Known Unknowns is Emmett Stinson’s debut collection of short fiction. His work first came to my attention when I reviewed Issue One of Kill Your Darlings, in which Stinson’s stand-out story ‘Clinching’ was published. That story is included here along with 13 others of varying length.
As any writer will tell you, beginnings are everything. The opening line is the story’s bait. It must entice you, get you caught on that hook. And Stinson is a master at this. After putting this collection down I found that many of the opening lines had made such an impact that they were still dancing through my thoughts. Here’s an example: ‘I never wanted to be a murderer. You see, my mother drove me to it.’ The clever beauty of these lines is loaded with more meaning than we initially understand.
Endings, of course, are just as important. You want to leave the reader poised at a moment in time that is appropriate to the narrative but also memorable. You want the story to linger in the reader’s mind, to occupy their thoughts long after the book has been put down. It needs to be satisfying but not necessarily conclusive. Endings are tricky things, more difficult to write than they appear. For example, Tim Winton is, in my opinion, a brilliant writer whose endings never quite work. But Stinson’s endings are punchy, well written and display the skill of his craft. Even the stories I found less engaging, like ‘Dry’, has a killer last line.
In this collection Stinson – who only moved to Australia from the United States six years ago – predominately inhabits the terrain of post 9/11 Washington DC. With sharp, keenly-observed prose he captures the everyday nuances of life against the backdrop of larger crises like the September 11 attacks which feature in several of the stories. The danger of dealing with the minutiae is that if the characters or the narrative are not engaging enough it all becomes a little mundane. Unfortunately there are several stories that fall into this category, skimming the surface in an unsatisfying way that doesn’t allow the reader to fully connect. ‘The Last Men’, for example, which is one of the longer stories is also one of the weakest.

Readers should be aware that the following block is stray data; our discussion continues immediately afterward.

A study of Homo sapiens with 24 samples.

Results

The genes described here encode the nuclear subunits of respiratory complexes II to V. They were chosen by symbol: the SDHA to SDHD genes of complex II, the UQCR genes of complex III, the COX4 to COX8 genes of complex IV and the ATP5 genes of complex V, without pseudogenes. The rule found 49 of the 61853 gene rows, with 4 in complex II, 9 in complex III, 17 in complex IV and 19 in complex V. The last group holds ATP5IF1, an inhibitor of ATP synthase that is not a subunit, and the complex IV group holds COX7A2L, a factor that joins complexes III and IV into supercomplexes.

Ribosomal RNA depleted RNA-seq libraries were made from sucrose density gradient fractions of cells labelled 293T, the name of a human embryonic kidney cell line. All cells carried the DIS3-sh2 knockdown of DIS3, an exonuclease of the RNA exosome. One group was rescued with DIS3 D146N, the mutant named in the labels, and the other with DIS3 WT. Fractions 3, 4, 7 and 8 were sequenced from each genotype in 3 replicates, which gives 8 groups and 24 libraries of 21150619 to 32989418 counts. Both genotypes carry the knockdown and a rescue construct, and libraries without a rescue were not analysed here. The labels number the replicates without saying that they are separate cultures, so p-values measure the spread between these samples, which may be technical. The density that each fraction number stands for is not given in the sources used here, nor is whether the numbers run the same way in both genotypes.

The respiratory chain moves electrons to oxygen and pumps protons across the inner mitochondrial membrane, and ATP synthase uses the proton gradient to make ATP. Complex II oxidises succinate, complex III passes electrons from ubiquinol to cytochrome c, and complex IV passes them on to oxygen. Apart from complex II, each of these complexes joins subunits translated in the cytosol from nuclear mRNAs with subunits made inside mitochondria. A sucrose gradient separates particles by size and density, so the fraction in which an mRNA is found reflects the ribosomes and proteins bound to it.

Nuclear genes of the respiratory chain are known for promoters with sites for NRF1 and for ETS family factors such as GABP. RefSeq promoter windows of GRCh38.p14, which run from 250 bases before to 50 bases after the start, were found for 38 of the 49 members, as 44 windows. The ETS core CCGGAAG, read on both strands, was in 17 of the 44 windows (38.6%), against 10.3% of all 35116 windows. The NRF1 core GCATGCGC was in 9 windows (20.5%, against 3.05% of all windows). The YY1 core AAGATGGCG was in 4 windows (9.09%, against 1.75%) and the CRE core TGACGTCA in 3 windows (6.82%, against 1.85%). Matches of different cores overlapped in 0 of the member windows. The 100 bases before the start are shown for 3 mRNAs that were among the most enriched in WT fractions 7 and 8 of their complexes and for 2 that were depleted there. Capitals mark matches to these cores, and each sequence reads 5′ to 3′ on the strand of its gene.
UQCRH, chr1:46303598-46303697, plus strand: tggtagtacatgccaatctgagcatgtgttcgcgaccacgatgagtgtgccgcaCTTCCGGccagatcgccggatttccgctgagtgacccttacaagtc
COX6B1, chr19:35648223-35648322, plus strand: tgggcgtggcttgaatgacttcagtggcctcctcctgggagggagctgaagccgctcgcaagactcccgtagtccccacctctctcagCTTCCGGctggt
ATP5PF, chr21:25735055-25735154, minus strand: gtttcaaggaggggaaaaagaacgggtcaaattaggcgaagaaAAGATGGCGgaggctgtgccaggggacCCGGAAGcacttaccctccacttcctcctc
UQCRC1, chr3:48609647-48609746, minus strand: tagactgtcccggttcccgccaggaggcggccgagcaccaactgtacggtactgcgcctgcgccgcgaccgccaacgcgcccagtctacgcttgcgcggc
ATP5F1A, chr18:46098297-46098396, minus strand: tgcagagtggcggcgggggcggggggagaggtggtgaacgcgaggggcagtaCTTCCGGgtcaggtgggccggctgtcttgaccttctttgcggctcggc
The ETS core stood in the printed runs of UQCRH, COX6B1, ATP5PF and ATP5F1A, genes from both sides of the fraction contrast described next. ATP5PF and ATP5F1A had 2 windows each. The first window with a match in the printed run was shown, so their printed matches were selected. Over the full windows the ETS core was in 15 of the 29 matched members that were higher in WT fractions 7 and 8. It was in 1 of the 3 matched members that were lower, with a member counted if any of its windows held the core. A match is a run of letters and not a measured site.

But for the most part Stinson’s stories are superb. He is at his best in the shorter pieces. Here the writing is tight and spare; the characters live and breathe on the page as he explores their internal emotional conflicts. Indeed his characters are often damaged, disillusioned and flawed. They see the world as a bleak, unforgiving place. ‘Great Extinctions in History’, for example, shows the main protagonists moving through the landscape of their privileged lives consumed by a kind of hopeless misery, a sense of futility about life and what little it has to offer them. They are both lost in different ways, unable to find themselves or any real purpose.
‘All Fathers the Father’ is an original work with a distinctive voice told from the perspective of a car crash survivor who is uncertain about the real identity of the man purporting to be his father. ‘Apex’, which deals with a young boy’s trauma over the death of a friend, is an absolute gem – stark, brutal and beautifully constructed. And ‘Local Knowledge’, the longest story in the book, reels you in, carries you along and, in its final pages, packs a powerful punch.
‘Sickness unto Death’ is a potent story and the only one not set in contemporary times. It takes place during the Black Death outbreak and Stinson gives the narrator an uneducated voice of the time. While I would suggest some of the phrasing and language used is not historically accurate, ultimately it didn’t matter. The story instantly transported me to another place, another time where the world has gone mad. You see the ending coming, but it is shocking nevertheless.
Known Unknowns will be released in June.